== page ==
Subject: Re: horrible formatting
From: Erik Naggum <>
Date: 1999/02/16
Newsgroups: comp.lang.lisp
Message-ID: <>

* funcall-of-nil <>
| Accessing a linked-list data structure (which is what LISP lists are,
| doubly-linked, circular linked-lists) always requires one to
| "march-down-the-list" unless you have the address of the element (cell)
| as in a hash table or a C linked-list.

  are you saying that doubly-linked lists require sequential access and
  singly-linked lists don't?  that's pretty amusing.  considering that you
  don't even know how Lisp's lists are represented, maybe it isn't amusing.
  (how does CONS know which cell to point backwards at?  does it traverse
  the entire circular list to find the one that points to its argument?)

  why _is_ it so hard to get this stuff right?

| Paul missed the most important point, which was not whether the defun
| was the most efficient implementation.  For those who haven't worked in
| groups: code should be easy to comprehend.  The greatest cost IS the
| human factor.  This is a constant in the software industry, whether one
| usea C++, Java, or LISP.  Finally, the look of the code doesn't have
| anything  to do with its execution (lines with only parenthesis).  

  since the human factor is the most important, you hire good people and
  get rid of the incompetent fools.  that means "easy to comprehend"
  changes meaning drastically from compulsory groups such as you have to
  deal with during your education.  if someone doesn't "get it" too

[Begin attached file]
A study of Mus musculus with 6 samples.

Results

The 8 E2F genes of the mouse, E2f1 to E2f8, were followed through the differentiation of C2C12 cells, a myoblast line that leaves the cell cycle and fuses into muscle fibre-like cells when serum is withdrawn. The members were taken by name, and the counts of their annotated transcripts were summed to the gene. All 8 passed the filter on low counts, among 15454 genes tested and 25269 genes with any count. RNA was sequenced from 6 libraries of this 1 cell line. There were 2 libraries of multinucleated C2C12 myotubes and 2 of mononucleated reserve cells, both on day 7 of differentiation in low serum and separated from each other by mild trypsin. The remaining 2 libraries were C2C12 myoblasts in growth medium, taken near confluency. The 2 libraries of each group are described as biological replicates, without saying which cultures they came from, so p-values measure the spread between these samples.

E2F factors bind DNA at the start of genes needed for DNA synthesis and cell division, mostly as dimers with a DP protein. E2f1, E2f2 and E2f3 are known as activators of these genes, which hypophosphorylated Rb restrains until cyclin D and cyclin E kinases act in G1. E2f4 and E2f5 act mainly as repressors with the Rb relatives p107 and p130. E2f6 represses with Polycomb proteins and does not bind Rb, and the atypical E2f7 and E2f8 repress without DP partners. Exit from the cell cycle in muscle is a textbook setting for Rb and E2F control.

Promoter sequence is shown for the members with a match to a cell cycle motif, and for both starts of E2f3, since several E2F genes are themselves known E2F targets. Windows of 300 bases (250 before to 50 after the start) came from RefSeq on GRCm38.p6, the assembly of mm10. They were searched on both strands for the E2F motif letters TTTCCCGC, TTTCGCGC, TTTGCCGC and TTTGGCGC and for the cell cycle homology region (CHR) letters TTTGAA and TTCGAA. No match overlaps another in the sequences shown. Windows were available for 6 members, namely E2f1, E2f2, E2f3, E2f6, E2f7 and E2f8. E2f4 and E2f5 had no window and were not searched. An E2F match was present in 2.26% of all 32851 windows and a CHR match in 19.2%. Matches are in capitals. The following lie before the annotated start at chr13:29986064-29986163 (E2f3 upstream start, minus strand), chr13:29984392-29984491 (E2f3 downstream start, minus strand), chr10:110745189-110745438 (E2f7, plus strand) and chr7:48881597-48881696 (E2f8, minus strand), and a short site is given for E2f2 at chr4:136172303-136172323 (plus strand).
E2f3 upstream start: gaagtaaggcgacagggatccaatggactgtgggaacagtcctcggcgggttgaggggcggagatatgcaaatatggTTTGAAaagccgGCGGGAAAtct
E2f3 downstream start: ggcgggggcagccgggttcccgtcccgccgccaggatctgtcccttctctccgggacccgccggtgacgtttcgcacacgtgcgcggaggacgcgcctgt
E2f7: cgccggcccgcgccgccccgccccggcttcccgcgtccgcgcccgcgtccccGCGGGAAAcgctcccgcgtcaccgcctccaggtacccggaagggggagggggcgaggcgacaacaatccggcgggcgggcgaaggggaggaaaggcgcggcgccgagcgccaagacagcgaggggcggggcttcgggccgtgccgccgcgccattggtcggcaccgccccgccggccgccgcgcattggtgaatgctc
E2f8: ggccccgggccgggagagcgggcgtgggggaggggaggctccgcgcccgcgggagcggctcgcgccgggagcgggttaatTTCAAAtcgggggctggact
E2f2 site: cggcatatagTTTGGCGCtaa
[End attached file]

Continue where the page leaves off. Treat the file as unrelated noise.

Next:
frequently, he's simply removed from the group.

  since the human factor is the most important, you ensure that _people_
  aren't unduly annoyed by ugly, stupid, or ignorant coding styles.  those
  who, are not welcome in voluntary groups, and if forced on people, case
  the group performance to go down so much the _manager_ should be fired if
  he doesn't clean up.

  Lisp programmers are generally more expensive than C++ programmers.  (I
  don't know the Java market.)  quite often, a project can succeed with one
  or a tiny group of expert Lisp programmers (you just don't do Lisp for a
  living if you aren't an expert¹), but would require a large group of
  average C++ programmers (the C++ experts are more expensive than almost
  all Lisp programmers).  and as we all know, group interaction is a _cost_
  that increases with the number of members in the group, so the less talk
  you can get away with, the better.  this means style is _very_ important.

¹ it takes _much_ less to become an expert in Common Lisp than in C++.